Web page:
DOE Innovation Hub Enters Joint Industry Project to Recycle Domestic Rare-Earth Materials
The Critical Materials Institute, a U.S. Department of Energy Innovation Hub led by Ames Laboratory, has announced that one of its industry associates, Momentum Technologies, Inc., has entered into a letter of intent with Wistron GreenTech Corporation, Texas, pertaining to future collaboration in the field of recovering rare-earth elements from electronic waste. Wistron GreenTech is the green recycling arm of Wistron Corporation, which designs and manufactures technology products for global distribution and has annual revenues exceeding $20 billion.
Rare-earth elements are in high demand due to their special uses in consumer electronics, hybrid/electric vehicles, wind turbines, hard disk drives, jet engines, missile guidance systems, and more. Despite their vital role, at least 99 percent of rare-earth elements are thrown away once the products containing them reach the end of their life due to recycling technologies that are inefficient, costly and environmentally hazardous.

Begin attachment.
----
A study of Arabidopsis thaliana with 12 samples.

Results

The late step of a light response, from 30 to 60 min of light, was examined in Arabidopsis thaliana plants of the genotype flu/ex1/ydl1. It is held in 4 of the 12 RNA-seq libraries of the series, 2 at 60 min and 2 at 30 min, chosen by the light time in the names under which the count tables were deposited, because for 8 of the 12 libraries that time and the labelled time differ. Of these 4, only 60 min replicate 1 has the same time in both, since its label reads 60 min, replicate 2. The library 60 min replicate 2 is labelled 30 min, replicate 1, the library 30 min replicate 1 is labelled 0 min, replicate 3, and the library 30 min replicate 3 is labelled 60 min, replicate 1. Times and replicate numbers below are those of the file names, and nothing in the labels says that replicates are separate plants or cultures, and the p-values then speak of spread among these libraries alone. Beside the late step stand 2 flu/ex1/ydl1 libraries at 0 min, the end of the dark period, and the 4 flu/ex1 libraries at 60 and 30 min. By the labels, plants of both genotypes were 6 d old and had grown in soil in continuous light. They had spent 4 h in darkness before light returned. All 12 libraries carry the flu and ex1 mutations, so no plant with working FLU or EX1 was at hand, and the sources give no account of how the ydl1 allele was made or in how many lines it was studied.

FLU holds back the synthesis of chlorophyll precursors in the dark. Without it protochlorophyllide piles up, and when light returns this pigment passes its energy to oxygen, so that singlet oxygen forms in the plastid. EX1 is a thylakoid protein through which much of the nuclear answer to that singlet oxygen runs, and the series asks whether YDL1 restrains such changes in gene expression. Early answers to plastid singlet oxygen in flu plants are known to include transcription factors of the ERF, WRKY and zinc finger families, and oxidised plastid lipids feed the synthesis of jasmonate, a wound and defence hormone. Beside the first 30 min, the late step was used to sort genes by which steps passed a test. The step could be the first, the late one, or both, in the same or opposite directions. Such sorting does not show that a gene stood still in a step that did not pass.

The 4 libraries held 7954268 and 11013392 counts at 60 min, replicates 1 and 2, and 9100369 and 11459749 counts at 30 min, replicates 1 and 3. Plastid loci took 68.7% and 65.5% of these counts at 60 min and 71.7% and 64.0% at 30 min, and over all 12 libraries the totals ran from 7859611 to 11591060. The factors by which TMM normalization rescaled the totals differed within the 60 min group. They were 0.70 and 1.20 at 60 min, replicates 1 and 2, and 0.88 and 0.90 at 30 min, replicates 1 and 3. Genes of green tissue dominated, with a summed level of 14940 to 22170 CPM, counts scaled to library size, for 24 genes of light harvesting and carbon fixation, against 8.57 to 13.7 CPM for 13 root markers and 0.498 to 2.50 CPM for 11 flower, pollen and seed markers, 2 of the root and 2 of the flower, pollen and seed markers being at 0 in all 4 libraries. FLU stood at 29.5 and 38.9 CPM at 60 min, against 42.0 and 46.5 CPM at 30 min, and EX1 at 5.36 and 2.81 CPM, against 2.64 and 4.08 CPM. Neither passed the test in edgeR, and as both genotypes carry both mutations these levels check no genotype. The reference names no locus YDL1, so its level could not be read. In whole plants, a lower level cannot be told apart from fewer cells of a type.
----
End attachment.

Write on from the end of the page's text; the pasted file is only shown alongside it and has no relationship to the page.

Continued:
“Since the invention of the smartphone, electronic waste has been growing at a rapid rate. There is now a large stockpile of material to collect rare-earths from. Using our proprietary process, we can collect these critical materials for reuse in a way that is much more efficient compared to mining. This way we can meet the rocketing demand for rare-earths in a sustainable way while also diversifying supply for manufacturers,” said Preston Bryant, CEO of Momentum.
This approach has been attempted before, but Momentum’s technology, which was developed by the U.S. Department of Energy at Oak Ridge National Laboratory and Idaho National Laboratory in project work for the Critical Materials Institute, is significantly more efficient and lower in cost than traditional processes, requiring only a single stage for processing. The technology recovers highly pure rare-earth oxides (>99.8%) from a wide range of magnetic waste feedstocks, including MRI machines, hard disk drives, cell phones, magnet manufacturing scrap, and electric motors.
The announcement comes on the heels of President Donald Trump signing an executive order on Dec. 20, 2017, that calls for an end to U.S. reliance on foreign sources of critical materials.
To learn more about Ames Laboratory and the Critical Materials Institute, and to view the original press release, visit http://bit.ly/2BjQePR.